HUNTSVILLE, Ala. — Alabama Supreme Court Chief Justice Roy Moore, also known as the Ten Commandments Judge, is reprimanding the city of Huntsville for its prayer policy at city council meetings, which allows for atheists and Wiccans to lead the invocation.
“We’re having prayers [by] atheists? We’re having Wiccans say prayers? How foolish can we be?” he stated before the Madison County Republican Men’s Club this past week, according to AL.com.
Moore said that this shift away from Christianity is hand-in-hand with other controversial attempts to “change what doesn’t need to be changed” in America, such as the push for societal acceptance of homosexuality and the defense of transgenderism, also called gender confusion.
“I’ll say this in Huntsville because I think it needs to be said in Huntsville,” he stated. “There is one God and it’s the God on which this nation was founded. And it’s the God of the Scriptures. I don’t need applause for that. It’s a truth in history and it’s a truth in law. And we’re trying to change that.”
As previously reported, a Wiccan priest opened the Huntsville City Council meeting last month in an effort to make the prayers that open each session more diverse, appeasing church-state separation groups.
“O gentle goddess and loving god, we thank you for the beauties and the wonders of the day that you have given to us, and for the opportunity we have this evening to assemble here and work together to make Huntsville a better city for all of its residents,” Blake Kirk, a “Priest of the Oak, Ash and Thorn tradition of Wicca” declared at the meeting.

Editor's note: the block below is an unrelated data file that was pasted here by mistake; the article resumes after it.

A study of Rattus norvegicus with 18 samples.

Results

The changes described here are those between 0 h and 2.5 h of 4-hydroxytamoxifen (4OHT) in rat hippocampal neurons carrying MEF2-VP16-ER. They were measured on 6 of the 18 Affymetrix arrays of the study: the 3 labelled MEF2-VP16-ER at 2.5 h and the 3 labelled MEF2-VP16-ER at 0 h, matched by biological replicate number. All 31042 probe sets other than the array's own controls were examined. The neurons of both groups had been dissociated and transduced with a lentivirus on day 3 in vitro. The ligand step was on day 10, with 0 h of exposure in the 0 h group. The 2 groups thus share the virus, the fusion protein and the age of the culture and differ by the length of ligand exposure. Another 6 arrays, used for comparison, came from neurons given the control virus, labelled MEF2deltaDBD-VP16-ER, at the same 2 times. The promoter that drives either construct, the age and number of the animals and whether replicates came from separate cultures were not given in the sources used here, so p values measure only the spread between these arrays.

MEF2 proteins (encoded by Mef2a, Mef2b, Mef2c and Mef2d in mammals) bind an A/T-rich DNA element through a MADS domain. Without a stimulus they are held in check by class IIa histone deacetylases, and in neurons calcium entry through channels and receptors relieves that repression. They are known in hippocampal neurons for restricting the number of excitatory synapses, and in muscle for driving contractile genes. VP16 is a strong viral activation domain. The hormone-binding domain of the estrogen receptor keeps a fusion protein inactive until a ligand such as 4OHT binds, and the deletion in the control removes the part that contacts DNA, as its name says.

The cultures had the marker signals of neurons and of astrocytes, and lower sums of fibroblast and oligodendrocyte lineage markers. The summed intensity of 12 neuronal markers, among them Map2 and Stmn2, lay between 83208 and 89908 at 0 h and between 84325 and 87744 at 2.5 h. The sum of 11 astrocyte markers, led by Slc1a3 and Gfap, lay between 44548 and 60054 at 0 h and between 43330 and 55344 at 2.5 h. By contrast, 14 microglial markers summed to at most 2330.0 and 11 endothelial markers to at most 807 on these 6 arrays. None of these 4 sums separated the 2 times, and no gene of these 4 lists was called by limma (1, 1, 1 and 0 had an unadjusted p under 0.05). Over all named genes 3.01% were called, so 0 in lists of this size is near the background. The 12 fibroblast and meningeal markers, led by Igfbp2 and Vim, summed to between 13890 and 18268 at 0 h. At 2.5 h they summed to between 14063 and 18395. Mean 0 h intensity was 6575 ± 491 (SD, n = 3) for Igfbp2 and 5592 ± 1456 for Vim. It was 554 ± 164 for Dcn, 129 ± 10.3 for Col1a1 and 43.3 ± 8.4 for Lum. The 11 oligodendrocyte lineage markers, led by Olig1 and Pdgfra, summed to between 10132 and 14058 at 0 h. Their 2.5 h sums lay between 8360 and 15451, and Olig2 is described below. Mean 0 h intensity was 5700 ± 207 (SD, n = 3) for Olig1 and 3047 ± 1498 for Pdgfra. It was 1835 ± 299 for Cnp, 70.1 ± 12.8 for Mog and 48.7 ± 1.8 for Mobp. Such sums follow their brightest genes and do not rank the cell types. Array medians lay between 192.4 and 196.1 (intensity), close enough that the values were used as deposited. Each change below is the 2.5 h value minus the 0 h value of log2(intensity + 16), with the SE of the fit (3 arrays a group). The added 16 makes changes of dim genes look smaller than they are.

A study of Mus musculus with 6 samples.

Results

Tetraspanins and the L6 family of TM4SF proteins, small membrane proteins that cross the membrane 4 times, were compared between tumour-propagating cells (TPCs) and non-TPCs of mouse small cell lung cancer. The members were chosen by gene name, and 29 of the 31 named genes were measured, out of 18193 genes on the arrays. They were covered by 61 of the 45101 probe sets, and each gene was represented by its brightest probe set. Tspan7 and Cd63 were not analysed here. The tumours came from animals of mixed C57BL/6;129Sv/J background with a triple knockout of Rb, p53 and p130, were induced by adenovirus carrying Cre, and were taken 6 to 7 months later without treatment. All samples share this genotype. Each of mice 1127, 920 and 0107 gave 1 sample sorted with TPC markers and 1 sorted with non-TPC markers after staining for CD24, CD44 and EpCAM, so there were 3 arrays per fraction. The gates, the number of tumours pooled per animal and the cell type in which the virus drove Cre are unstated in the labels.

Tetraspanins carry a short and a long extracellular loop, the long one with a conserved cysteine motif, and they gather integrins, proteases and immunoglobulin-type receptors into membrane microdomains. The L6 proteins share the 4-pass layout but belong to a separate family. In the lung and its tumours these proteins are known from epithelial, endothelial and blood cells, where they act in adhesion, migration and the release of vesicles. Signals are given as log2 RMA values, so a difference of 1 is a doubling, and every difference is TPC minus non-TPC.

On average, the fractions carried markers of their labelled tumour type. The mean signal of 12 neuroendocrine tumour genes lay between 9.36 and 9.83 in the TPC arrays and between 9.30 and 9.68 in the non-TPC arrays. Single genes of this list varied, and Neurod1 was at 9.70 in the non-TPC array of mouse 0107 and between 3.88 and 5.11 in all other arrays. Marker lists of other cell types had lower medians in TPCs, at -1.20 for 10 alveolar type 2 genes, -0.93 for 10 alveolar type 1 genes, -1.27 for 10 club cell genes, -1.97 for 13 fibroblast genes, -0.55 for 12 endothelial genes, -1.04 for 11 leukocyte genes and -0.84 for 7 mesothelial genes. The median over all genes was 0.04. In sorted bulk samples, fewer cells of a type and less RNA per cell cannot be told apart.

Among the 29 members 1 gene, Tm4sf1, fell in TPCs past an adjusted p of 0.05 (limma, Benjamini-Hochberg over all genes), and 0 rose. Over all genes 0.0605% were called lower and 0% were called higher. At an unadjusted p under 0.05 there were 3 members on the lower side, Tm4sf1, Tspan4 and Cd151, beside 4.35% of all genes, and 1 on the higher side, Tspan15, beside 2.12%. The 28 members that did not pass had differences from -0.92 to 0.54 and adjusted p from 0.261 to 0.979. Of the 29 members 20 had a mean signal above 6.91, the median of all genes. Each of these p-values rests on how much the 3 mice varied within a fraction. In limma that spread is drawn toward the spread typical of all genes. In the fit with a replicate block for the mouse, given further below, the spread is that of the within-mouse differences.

The majority of prayers being offered at Huntsville’s meetings have been Christian as the area is largely populated by Christian churches. However, in 2012, the Madison,Wisconsin-based Freedom from Religion Foundation threatened to file suit over the prayers predominantly in Jesus’ name, and further contended that the practice of any kind of prayer at city council meetings was “unnecessary, inappropriate and divisive.”
In a compromise on the matter, Huntsville officials decided to open up the invocations to other religions in order to be more diverse in its presentation. However, in June, an invitation to Kirk was rescinded after residents expressed concern over having a Wiccan priest open the city council meeting.
“I gave the invocation earlier this year. At the time they did not ask me what my faith affiliation was, but when they did this time and I told them ‘Wiccan,’ I was told I was no longer invited to give it,” Kirk told television station WHNT.
But the city said that it didn’t completely ban the Wiccan priest, but rather wanted to lie low until the controversy had subsided.
“We decided to pull back, to do some education maybe, and to introduce him more gently at another time,” said Huntsville City Attorney Peter Joffrion.
In September, atheist Kelly McCauley of the North Alabama Freethought Association spoke during the meeting, and two months later, Kirk was permitted to present his invocation to his “goddess.”
The majority of city councils across America allow for those outside of Christianity to present invocations, but some like Moore find such invitations to be impermissible compromises and an ultimate offense to the Creator.